The Briefly Dead – After Euripides’ Alcestis

It would have helped had this entire title been used on the printed program. All we got was The Briefly Dead. ‘Could’ve been a piece about vampires or zombies. In fact, the play contemporizes Euripides’ Greek tragedy.

Briefly, King Admetos’ number is up.  (Originally Ademetus.) As he was hospitable to Apollo during the latter’s exile, the god convinces his peers to allow the king to live if someone takes his place. Admetos’ wife, Alcestis, volunteers in order not to leave her children fatherless. She dies. Heracles comes to visit the king, learns of this, enters Hades, battles death, and returns with his friend’s wife.

Paul Hinkes

In this version, escaping in haste, Heracles (Paul Hinkes) leaves behind Alcestis’ memories and soul (a trunk), as well as a piece of his own (an empty picture frame). Death is pissed off. (A hammy, abrasive Mia Isabella Aguirre, who doesn’t seem to have made a single decision about her character.) “Here’s the thing, folks. It works in two parts. Part one: I give you everything. The whole shebang. The kitchen sink. You could call it your life, for lack of a better term. Part two: When your time’s up, you give your life back. Ouila! No money, no red tape, just a simple gentleman’s agreement.”

She is, by the way, God’s boss, an interesting concept. (He’s a disembodied voice.) Ademetus (Ben Kaufman) gets back the shell of Alcestis (Jenna Zafriropoulos), but not the woman he loved. Both are uncomfortable. (Heracles seems blithely ignorant without his underpinnings.)

Three women attend Alcestis: her sister, Zena (Katie Proloux), friend Phyllis (Sodiya Cheyenne), and bestie, empty-headed Kyra (Sarah Wadsley). All the actresses deserve better roles. Also in the household are the queen’s two children (manifest by ersatz Balinese shadow puppets) and the king’s assistant, Avra (a very good Kristin Fulton), who is probably having an affair with him.

Mia Isabella Aguirre and Ben Kaufman

There’s unexplained insurrection at the gate and Death is vengeful. What happens to the household with Alcestis like the Scarecrow before Oz? What happens when her trunk is retrieved and normal doesn’t feel right?

Not a bad premise for a play, even in uber-colloquial syntax. This particular piece of writing, however, with syntax a bit too broad to begin with, is massacred by Director Elizabeth Oster. There’s lots of needless screaming and shouting. Narrative line is shredded by too many brief scenes emphatically separated by lights and music. Poorly executed rock numbers seem stuck in without rhyme or reason. (Thanks to Katie Proulx, the ladies’ choreography is appealing during one, however.) Children’s voices are appallingly cartoonish. The death squad does and says nothing.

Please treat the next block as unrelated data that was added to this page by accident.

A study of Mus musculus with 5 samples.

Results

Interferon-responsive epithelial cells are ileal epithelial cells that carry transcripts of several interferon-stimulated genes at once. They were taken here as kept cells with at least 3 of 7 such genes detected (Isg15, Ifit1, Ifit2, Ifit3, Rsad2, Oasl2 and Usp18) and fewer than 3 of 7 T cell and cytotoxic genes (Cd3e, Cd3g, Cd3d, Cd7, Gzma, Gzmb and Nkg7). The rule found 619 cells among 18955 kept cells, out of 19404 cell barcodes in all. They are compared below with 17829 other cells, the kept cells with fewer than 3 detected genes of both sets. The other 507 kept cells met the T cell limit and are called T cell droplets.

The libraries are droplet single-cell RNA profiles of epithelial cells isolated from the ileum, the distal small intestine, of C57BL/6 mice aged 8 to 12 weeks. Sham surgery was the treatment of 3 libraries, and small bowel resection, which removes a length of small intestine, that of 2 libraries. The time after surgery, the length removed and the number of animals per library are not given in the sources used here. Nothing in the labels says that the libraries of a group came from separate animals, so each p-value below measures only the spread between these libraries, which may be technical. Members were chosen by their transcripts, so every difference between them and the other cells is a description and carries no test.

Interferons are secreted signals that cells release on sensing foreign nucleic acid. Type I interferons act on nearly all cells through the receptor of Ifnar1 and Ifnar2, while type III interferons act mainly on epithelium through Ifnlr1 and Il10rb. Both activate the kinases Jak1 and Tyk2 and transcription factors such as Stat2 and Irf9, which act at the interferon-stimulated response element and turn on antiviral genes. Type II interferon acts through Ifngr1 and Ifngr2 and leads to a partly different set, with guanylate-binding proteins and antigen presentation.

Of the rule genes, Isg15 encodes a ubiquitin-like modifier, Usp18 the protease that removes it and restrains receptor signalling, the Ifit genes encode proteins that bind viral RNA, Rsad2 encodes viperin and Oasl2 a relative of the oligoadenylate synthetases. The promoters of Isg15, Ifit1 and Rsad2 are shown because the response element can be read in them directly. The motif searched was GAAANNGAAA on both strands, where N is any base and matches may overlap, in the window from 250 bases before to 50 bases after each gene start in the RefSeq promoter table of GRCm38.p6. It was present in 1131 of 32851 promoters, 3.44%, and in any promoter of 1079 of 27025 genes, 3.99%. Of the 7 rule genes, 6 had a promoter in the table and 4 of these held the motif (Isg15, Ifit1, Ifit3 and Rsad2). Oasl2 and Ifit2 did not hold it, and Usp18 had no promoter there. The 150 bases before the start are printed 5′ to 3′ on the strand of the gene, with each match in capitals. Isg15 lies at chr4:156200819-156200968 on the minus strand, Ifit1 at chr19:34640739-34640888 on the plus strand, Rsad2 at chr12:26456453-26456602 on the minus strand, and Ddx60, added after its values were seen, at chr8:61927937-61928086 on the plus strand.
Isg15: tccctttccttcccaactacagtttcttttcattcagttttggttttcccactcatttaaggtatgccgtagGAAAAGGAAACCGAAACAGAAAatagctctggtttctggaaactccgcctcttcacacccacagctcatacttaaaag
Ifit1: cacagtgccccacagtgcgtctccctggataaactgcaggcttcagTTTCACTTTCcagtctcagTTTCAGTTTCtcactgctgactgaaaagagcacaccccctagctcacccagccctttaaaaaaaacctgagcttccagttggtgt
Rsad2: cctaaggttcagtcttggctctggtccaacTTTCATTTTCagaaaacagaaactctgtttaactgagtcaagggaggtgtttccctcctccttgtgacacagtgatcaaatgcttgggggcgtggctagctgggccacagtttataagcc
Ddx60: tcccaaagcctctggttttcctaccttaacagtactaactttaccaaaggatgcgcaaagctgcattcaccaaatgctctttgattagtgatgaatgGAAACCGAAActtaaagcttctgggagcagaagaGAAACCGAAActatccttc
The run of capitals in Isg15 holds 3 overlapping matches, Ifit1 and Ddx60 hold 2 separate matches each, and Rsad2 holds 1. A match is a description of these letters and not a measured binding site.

Constantly jolted, we frankly wouldn’t care at all were it not for the singular performance of Jenna Zafiropolous. The actress looks just right when feeling unfamiliar with everything and, in contrast, fully comes to fore after soul and memories return. Vapid sweetness turns to a woman taking a stand with credibility and purpose.

Minimal Set by Kyu Shin works well enough to help tell us where we are in this pinball jerking landscape.

Costumes by Peri Grabin Leong appear to be whatever came out of each actors’ closet. (Even street clothes need thought on stage.) Alcestis, the only one in period Greek costume, looks swell, the Death Squad is imaginatively attired, gold leaves in the court ladies’ hair is an effective touch.

Photos by Mia Isabella Photography/Brandon Saloy
Opening: Paul Hinkes, Jenna Zafiropoulos, Sarah Wadsley, and Kristin Fulton

Adjusted Realists present
The Briefly Dead by Stephen Kaliski
Directed by Elizabeth Ostler
Through December 10, 2017
59E59 Theaters  
59 East 59th Street 

About Alix Cohen (845 Articles)
Alix Cohen is the recipient of eight New York Press Club Awards for work published on this venue. Her writing history began with poetry, segued into lyrics and took a commercial detour while holding executive positions in product development, merchandising, and design. A cultural sponge, she now turns her diverse personal and professional background to authoring pieces about culture/the arts with particular interest in artists/performers and entrepreneurs. Theater, music, art/design are lifelong areas of study and passion. She is a voting member of Drama Desk and Drama League. Alix’s professional experience in women’s fashion fuels writing in that area. Besides Woman Around Town, the journalist writes for Cabaret Scenes, Broadway World, and Theater Pizzazz. Additional pieces have been published by The New York Post, The National Observer’s Playground Magazine, Pasadena Magazine, Times Square Chronicles, and ifashionnetwork. She lives in Manhattan. Of course.